One of the real anthrax letters in 2001/fbi photo

By Allan Lengel
ticklethewire.com

Like the JFK assassination, the mystery and the persistent questions about anthrax killings in 2001, won’t go away.

The latest is a detailed article in the magazine WIRED, by Noah Shactman, who writes that scientists involved in helping the FBI crack the deadly mystery still have lingering doubts and questions about the probe that concluded that civilian government scientist Bruce Ivins mailed the letters that killed five people and sickened 17 others.  Ivins committed suicide in July 2008 before prosecutors could file charges.

Schactman writes that Clair Fraser-Liggett, a  genetic specialist in Maryland who led the team that sequenced the DNA of the anthrax in the letters,  has reservations.  “There are still some holes,” she told the author.

In Flagstaff, Arizona, scientist Paul Keim, who first identified the anthrax strain in the case, told WIRED: “I don’t know if Ivins sent the letters.” The author also spoke to FBI agent Edward Montooth, who headed up the investigation, who said he’s convinced Ivins mailed the letters but he’s uncertain about the motivation and when he concocted the deadly anthrax.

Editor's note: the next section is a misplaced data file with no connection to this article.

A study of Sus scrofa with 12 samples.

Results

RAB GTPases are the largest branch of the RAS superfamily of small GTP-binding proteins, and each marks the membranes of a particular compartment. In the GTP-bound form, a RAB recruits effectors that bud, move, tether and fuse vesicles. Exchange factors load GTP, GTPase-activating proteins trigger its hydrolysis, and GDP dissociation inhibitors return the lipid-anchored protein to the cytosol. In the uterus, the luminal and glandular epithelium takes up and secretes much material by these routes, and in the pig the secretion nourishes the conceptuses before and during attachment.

“We still have a difficult time nailing down the time frame,” he says. “We don’t know when he made or dried the spores.”

The WIRED article was posted on the website on Thursday, just days after the FBI got some welcoming news from a report by the Expert Behavioral Analysis Panel, which concluded Ivins’  psychiatric records “does support the Department of Justice’s (DOJ’s)determination that he was responsible.”  A federal judge had ordered the panel to review the case and Ivins.

The FBI and Justice Department have faced a wave of skepticism from politicians on Capitol Hill, Ivins’ attorney and Ivins fellow scientists at Ft. Detrick in Maryland, who question whether Ivins was actually the culprit.

Their skepticism was bolstered in February by  a 170-page report by the National Research Council, which  found that the Justice Department overstated its case when it definitively concluded that the anthrax used in the deadly mailings came from a flask from Ivins’ laboratory at Fort Detrick labeled RMR-1029. The report, which was commissioned by the FBI,  said it did not rule out other possible sources.

“The scientific link between the letter material and flask number RMR-1029 is not as conclusive as stated in the DOJ Investigative Summary,” the report said.

However, Lehigh University President Alice P. Gast, who led the 16-member National Research Council Committee that reviewed the cutting-edge science used in the investigation, said: “We find the scientific evidence to be consistent with their conclusions but not as definitive as stated.

To read the full WIRED story click here.